One out of every four refugees in the world is from Afghanistan. Many make their escape via the Tora Larah, the Black Way, a long and dangerous underground railroad that winds through Afghanistan, Pakistan, Iran, Turkey, and Greece. Those that travel this path might escape their home country, but they often end up bringing its violence along with them. Here is one migrant's story.
Ayatollah Khamenei has developed a four-part strategy to avoid a repeat of the 2009 presidential elections, which led to massive demonstrations and the discrediting of the regime. But the eleventh-hour declarations of candidacy by Hashemi Rafsanjani and Esfandiar Rahim Mashaei have made his task more difficult.
The debate about what to do in Syria has been sidetracked by discussions of credibility and reputation. But both logic and evidence prove that reputations are mostly imaginary. Obama should not let fears that others might think him irresolute drive him to disaster. Instead, he should refocus on what U.S. interests really are in Syria, and how he can best obtain them.
Elections in Malaysia earlier this month resulted in the National Front (BN) coalition maintaining its nearly six-decade hold on power. But the race was closer than any before. Now, Prime Minister Najib Razak, the head of the biggest party within the BN, will struggle to maintain his position in his party and in the government.
Critics of Ecuadorian President Rafael Correa bemoan his despotic tendencies. But with 50 percent of Ecuadorian's reporting that they are happy with their country's trajectory, he will likely enjoy popular support for a long time to come.
In its rush to fete Myanmar's president, Thein Sein, and capitalize on the country's tentative opening, the international community has turned a blind eye toward the ongoing repression of minorities and the continued political dominance of the military. In doing so, it has given up much of its leverage over Sein at the very time when it should be pushing for clearer commitments to reconciliation and democracy.
After months of negotiations, Kosovo and Serbia have finally agreed to normalize relations. The deal pushes some questions aside and requires both parties to accept certain fictions. Nevertheless, it could as a template for melting the region's other frozen conflicts.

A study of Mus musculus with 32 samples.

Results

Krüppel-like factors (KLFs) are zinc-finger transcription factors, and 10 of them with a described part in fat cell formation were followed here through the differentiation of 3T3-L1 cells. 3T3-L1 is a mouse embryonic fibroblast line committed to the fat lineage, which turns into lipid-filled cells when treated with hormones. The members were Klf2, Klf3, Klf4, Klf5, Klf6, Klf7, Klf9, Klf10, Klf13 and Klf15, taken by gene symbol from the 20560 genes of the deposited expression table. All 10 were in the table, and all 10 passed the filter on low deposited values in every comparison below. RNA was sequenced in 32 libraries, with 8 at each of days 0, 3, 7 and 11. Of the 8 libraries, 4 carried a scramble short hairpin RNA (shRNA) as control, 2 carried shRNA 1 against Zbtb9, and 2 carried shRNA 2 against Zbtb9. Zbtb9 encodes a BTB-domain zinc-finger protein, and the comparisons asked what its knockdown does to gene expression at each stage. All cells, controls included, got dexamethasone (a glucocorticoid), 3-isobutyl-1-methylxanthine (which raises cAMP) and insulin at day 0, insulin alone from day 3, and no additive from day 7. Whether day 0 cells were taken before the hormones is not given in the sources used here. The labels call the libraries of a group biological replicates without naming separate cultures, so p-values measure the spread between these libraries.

With predictions about climate change growing direr every week, geoengineering (which includes everything from fertilizing the oceans in an attempt to cajole great blooms of carbon-sucking phytoplankton to spraying particles into the upper atmosphere to make the earth more reflective) is starting to look more attractive. But the science still lags behind the ambitions. To understand how such schemes would work in practice -- and what their consequences would be -- it is time to start small-scale field tests.
Last month, Israel's intelligence agency once again quietly indicated that it had downgraded its assessments of Iran's ability to build a nuclear bomb. It is time for Israel and the West to cut down on their alarmism. Crying wolf too early and too often can destroy a government's credibility and leave it vulnerable.
An annotated Foreign Affairs syllabus on the Caucasus.
An annotated Foreign Affairs syllabus on Peruvian politics.
The world may expect great things from India, but as extensive reporting reveals, Indians themselves turn out to be deeply skeptical about their country’s potential. That attitude, plus New Delhi’s dysfunctional foreign-policy bureaucracy, prevent long-term planning of the sort China has mastered -- and are holding India back.
Much of the outrage over economic inequality in the United States has centered on the high compensation and lack of accountability that corporate executives supposedly enjoy -- allegedly the result of boards at public companies. The truth, however, is that American CEOs now earn less and get fired more than in the recent past.
Conventional wisdom holds that the U.S. Army will bear the brunt of forthcoming defense cuts. But that need not be the case, provided it shifts its focus away from traditional ground forces toward more relevant weapons: land-base missile systems.
Looming budgetary constraints and the U.S. Army's ongoing downsizing have enhanced the appeal of forces that are lighter, smaller, and cheaper than tanks and other protected vehicles. But not only have armored forces proved critical in yesterday's wars; they will also be needed to win tomorrow's.
Pope Benedict XVI made reaching out to other faiths and promoting Christian unity hallmarks of his tenure. Pope Francis will continue this work, not only because he has a history of facilitating religious dialogue, but also because global Catholicism requires it.
Given that there are few appealing policy options for Syria, it might be tempting to downplay Assad's alleged use of chemical weapons and brush aside earlier rhetoric about red lines. But that would be a mistake: chemical weapons can kill thousands in a single day, their use becomes a national trauma, and their debilitating effects linger for decades.
For the U.S. economy to reach its full potential, argues Edward Conard, Washington should decrease federal spending and ease government regulation. Fareed Zakaria demurs, contending that structural reform and government investment are what the U.S. economy needs most.
Jonathan Caverly and Ethan Kapstein maintained that the United States’ domination of the global arms market is disappearing and that as a consequence, Washington is squandering an array of economic and political benefits. Critics dispute the point; Caverley and Kapstein respond.